It’s not just that retirees dislike annuities; it’s that they go out of their way to act on that dislike. For example, a study in the Journal of Public Education says that even when annuity is the default provision, people will go out of their way to fill out more paperwork to receive a lump sum payment that they would then have to invest themselves. That says a lot. In fact, only 10 percent of the people leaving their job after 65 pick the annuity option. Finance professors, who feel it is in the retiree’s best interest to choose an annuity, call this gap in behavior the “annuity puzzle.”

The study explains some of the reasons behind this “annuity puzzle.” For example, people are less likely to choose an annuity option if they own a home, have kids and have a higher net worth. On the other hand, the study’s researcher found that retirees who are married and who have been shown mortality tables are more likely to purchase an annuity.

The biggest detriment to selling annuities, though, is how the sale is framed to the prospective buyer. Upon retirement, the most likely offer will be to either completely annuitize or not. When presented with this “all or nothing option,” the study showed about half chose to annuitize. When given the choice to partially annuitize, the number choosing an annuity option jumped to 80 percent. Significantly, only 21 percent of the people opted for full annuitization. This suggests an “all-or-nothing” scenario; more than half the people who selected to fully annuitize do so begrudgingly.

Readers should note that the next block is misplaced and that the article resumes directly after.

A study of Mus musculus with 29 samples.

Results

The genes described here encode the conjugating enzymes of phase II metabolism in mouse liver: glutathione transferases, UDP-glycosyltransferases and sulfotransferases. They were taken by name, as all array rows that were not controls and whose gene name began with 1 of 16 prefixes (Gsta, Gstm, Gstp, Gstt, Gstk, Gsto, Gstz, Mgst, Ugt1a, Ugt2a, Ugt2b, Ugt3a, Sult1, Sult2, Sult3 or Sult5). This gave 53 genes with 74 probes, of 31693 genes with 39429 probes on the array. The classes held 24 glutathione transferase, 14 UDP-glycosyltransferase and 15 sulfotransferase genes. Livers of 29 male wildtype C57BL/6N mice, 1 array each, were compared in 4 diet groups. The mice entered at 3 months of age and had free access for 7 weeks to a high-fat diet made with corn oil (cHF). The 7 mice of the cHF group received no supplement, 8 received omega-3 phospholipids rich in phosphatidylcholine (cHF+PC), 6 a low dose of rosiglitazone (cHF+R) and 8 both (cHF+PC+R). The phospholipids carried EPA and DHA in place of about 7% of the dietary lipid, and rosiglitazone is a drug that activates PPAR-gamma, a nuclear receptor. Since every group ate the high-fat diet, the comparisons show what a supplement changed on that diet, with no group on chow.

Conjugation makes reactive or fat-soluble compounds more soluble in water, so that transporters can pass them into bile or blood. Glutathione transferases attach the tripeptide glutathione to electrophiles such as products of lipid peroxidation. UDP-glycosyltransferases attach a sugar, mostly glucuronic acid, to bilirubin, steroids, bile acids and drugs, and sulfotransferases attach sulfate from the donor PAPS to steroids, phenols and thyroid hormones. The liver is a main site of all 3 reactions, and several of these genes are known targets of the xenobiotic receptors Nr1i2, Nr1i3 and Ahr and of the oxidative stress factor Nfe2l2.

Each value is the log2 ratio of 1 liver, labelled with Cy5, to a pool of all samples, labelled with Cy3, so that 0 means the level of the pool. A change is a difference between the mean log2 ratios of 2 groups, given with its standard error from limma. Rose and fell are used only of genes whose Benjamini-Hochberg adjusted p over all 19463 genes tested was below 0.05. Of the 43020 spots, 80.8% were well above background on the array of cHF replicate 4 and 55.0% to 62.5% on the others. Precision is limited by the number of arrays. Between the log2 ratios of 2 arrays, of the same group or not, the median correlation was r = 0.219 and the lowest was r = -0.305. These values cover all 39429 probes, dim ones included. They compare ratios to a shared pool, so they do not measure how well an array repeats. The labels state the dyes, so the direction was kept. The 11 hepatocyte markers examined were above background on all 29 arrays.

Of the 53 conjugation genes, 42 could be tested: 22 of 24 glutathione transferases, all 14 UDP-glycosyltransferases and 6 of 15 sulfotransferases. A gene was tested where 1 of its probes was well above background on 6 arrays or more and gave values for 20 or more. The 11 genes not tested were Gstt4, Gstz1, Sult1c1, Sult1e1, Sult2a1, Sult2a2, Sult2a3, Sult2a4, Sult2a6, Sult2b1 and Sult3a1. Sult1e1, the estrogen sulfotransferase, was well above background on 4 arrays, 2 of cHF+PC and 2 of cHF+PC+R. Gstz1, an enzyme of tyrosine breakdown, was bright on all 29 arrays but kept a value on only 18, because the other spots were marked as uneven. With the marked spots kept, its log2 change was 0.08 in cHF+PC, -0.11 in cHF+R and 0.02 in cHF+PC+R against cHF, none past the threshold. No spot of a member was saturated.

That’s probably why these survey numbers seem much more favorable toward annuities than real world experience might suggest. Indeed, one of the authors of the paper told me that even if the companies don’t offer partial annuities, retiring employees are free to buy them in the open market. We don’t see evidence of this happening, though.

The authors of the paper suggest annuity providers create products “that give beneficiaries more flexibility and control.” For example, annuities that feature a cost of living adjustment and an annual “bonus” option (for unexpected large sum expenses) might make annuities more attractive. With flexibility, however, comes complexity. In either case, there’s no guarantee consumers will even buy these enhanced annuities.

There may be a common sense behavioral answer for this. It could be that people aren’t willing to tie up large sums of money early in retirement. Perhaps they aren’t comfortable predicting they won’t unexpectedly need a pile of money for some unforeseen event in the near future. Remember, these folks just walked away from the most steady stream of income they’ve ever had.

There are a lot of unknowns for new retirees. Why add to them by purchasing an annuity—even a partial one?